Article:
Liverpool has benefitted enormously from its year in the spotlight as European Capital of Culture.
As well as receiving significant publicity and attracting millions of visitors, the city received a major confidence boost from the recognition that it had more to offer the world than the Beatles, however prestigious they may be.
Birmingham’s experience of bidding for Capital of Culture status was less happy.
Not only was its entry unsuccessful, but a post-mortem once the contest was over uncovered significant unhappiness with the way the bid had been handled.
This should not prevent the city from trying again, and accepting Culture Secretary Ben Bradshaw’s invitation to apply for the role of Britain’s first City of Culture.
The new Government scheme is effectively the same as the European Capital of Culture project, but without Europe. It may not, therefore, carry quite the same level of prestige. However, the reality is that Capital of Culture was never more than a label.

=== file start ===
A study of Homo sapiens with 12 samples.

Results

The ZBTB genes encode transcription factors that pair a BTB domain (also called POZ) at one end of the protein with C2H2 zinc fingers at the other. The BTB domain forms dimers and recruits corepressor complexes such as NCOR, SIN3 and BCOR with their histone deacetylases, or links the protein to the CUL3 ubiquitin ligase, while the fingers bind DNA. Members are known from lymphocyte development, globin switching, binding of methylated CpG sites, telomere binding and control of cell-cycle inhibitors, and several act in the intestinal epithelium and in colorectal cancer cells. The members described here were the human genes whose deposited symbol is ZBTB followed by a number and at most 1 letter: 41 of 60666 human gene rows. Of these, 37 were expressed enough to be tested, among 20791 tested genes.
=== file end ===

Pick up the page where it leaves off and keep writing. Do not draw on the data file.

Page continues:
There was no real money attached, and no guarantee of support from the Government or arts institutions.
This support did emerge, but it was because the bodies involved chose to get behind Liverpool and help it succeed, not because of the European dimension.
There is no reason Birmingham could not take the City of Culture label and use it to promote the city in a similar way.
A bid needs to follow widespread consultation about what a City of Culture ought to look like, to ensure arts organisations and businesses are firmly on board. This would bring major benefits in its own right. While we naturally want to enter the process in a positive frame of mind, it’s a simple statement of fact that there will be a number of candidates and only one winner.
Birmingham should not enter the contest on the assumption that we must win – and that failure to do so would be a disaster.
Rather, the bid itself should be seen as an opportunity to focus minds and bring people together.
It may be that a detailed analysis of what Birmingham could achieve as Capital of Culture would raise many issues that could be resolved whether the bid is successful or not. It could also be an opportunity to get the city’s cultural organisations talking to each other and to the city council more than they do at present.
There’s no reason Birmingham should not be the UK’s first City of Culture. Win, lose or draw, this is a contest the city should enter.